BY ELLEN ZENG
“Are you worried about being able to have a satisfying career and family life?” asked Spela Trefalt in a forum sponsored by the Program on the Legal Profession. Professor Trefalt, who teaches at the Simmons School of Management in Boston, explained that a recent NYU study has shown that many students are worried.
This general worry prompted Trefalt to examine how attorneys perform boundary work, the process through which they construct, negotiate, place, maintain, and change the boundaries delineating work and life outside of work. Her three-year research project involved interviews with seventy lawyers working at an AmLaw 100 law firm.
During these interviews, Trefalt explored how attorneys reacted when work and non-work demands conflicted. She found that their reactions were influenced by work relationships, and, in turn, affected those relationships. Attorneys, her research revealed, engaged in four types of boundary work, depending on their decisions to either speak up or remain silent, and to either accept or oppose the work demand.
Attorneys made decisions in pursuit of two goals: setting the desired boundaries and preserving their relationships at work. For example, the decision to remain silent and to accept the work was in order to avoid conflict or because they felt that it was fair to give work priority. In contrast, the decision to oppose the demand and to speak out was to facilitate the sharing and gathering of information and to ask for help and accommodations.
Her study also found that attorneys tend to make their decisions based on the nature of the competing demands and on the nature of the relationships with the person imposing the demand. On average, speaking up led to better relationship outcomes than remaining silent. Relationships, if they were well established, were rarely negatively affected by speaking up and opposing the work load. Unsurprisingly, disagreement about what is fair to demand was more common in new relationships.
Trefalt found that many attorneys were cognizant that relationships were central to managing competing demands. As a result, attorneys revealed two patterns of behaviors. First, they selected partners to work for that had a similar understanding of personal demands. For example, if the associate runs marathons, she will try to find a partner who also runs marathons, with the hope that the partner will be more understanding of her training schedule.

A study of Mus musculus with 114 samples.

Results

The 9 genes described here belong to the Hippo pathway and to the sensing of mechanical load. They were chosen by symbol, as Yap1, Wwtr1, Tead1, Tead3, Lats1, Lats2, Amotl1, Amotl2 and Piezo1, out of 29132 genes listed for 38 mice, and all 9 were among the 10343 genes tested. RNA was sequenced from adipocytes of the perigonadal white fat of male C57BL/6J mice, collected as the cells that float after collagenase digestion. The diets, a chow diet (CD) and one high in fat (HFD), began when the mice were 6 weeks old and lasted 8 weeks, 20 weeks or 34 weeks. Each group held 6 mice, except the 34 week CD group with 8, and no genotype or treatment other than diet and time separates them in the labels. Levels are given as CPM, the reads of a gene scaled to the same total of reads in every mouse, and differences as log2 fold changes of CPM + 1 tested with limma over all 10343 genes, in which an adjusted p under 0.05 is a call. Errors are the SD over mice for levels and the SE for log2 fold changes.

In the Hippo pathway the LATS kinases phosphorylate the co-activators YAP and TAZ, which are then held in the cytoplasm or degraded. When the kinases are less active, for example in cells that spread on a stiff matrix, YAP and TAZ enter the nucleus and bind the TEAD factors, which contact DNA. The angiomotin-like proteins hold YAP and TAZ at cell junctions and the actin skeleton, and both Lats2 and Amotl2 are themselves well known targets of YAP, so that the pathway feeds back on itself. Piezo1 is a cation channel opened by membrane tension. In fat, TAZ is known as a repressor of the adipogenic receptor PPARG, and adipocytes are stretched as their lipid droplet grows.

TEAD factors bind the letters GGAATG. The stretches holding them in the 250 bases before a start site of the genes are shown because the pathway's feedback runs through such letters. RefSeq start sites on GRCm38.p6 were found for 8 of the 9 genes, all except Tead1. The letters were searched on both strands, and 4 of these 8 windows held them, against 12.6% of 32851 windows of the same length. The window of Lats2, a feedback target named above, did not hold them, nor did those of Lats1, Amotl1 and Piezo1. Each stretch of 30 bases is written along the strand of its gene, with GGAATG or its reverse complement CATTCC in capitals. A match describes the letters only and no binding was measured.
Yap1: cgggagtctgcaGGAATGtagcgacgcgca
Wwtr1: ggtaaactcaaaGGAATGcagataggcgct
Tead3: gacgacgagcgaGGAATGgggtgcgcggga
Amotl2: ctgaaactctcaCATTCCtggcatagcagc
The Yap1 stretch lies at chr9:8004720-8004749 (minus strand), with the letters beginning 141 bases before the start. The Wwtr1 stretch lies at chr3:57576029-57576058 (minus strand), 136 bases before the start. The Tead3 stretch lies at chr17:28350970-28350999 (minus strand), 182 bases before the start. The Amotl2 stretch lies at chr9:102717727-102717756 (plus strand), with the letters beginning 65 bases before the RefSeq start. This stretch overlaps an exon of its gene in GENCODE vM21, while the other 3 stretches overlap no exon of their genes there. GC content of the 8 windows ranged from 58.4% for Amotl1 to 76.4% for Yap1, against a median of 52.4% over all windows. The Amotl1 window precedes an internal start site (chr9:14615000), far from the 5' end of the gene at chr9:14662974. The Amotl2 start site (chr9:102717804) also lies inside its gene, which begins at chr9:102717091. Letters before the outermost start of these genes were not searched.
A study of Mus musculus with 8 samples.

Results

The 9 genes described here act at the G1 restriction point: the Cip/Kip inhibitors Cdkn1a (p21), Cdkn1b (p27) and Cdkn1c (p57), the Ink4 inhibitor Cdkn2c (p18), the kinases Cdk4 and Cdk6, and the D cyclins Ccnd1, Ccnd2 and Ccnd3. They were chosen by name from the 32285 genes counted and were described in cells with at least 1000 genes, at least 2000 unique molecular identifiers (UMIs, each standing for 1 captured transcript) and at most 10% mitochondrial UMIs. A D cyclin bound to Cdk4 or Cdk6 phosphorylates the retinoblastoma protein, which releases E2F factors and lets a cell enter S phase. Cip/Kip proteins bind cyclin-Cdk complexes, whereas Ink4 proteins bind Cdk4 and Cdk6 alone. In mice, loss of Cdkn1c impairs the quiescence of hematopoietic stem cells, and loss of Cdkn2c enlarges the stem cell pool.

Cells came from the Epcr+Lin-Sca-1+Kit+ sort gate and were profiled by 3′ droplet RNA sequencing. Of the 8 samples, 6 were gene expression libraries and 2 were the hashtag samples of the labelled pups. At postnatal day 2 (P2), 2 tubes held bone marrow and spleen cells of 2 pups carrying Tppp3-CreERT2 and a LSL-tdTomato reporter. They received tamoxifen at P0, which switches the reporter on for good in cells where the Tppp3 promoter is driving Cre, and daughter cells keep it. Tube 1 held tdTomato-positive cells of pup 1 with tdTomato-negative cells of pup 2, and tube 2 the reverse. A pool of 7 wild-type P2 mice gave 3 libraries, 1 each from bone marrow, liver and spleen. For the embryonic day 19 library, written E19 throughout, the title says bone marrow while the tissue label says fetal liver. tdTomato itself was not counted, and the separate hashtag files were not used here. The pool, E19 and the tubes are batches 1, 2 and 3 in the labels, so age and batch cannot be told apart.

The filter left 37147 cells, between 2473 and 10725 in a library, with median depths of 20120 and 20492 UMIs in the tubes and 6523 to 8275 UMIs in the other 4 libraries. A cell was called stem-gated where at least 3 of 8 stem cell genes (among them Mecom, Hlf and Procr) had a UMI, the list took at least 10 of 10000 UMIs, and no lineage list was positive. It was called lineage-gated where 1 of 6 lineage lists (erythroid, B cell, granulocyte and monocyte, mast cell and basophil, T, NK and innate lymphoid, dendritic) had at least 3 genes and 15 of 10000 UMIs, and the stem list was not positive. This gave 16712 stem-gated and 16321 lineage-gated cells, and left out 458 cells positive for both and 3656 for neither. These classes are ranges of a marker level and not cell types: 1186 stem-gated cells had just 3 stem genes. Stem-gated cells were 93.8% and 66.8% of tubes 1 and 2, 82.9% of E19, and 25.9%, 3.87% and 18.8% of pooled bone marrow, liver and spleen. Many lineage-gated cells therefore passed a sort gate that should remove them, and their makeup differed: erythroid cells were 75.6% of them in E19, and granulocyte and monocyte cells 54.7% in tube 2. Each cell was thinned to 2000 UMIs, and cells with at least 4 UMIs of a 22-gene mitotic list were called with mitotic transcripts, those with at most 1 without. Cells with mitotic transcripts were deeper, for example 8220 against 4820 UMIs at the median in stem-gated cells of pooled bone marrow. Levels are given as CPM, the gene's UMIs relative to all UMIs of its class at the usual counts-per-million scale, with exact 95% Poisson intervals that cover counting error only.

Thus, attorneys diligently gathered information and skillfully pursued certain partners to ask for work. An unintended consequence of this “partner shopping” was specialization in a field that was not the attorney’s passion.
The second behavior pattern regards strengthening relationships with people. Trefalt found that most attorneys felt that in the first two or three years of practice they should not create boundaries, prioritizing work above all else. After developing a good reputation, they could then start to ask for accommodations. The problem with this approach, Trefalt found, is that the transition to creating boundaries after two or three years was very difficult for most people, since they believed that others had started depending on them to always be available. The transition also usually did not occur without some kind of external shock, such as having a baby or taking care of sick parents. The alternative strategy that a few attorneys used-imposing boundaries from the beginning, and strengthening relationships by making sure to meet client demands and do high quality work-seemed to have worked better.
Trefalt stressed that it is crucial for a young attorney to build a good reputation for hard work and high quality of work. Only with a good reputation can an attorney successfully pick certain partners to work for and ask for accommodations for her personal life. In addition, associates should think about the situation from the other’s perspective and should try to avoid making assumptions about what people are thinking and what information they have.
Responding to questions, Trefalt remarked that all the attorneys she spoke with worked a lot, but that those who were successful in setting boundaries had more control over where and when they did the work so that they were able to attend to their family as well.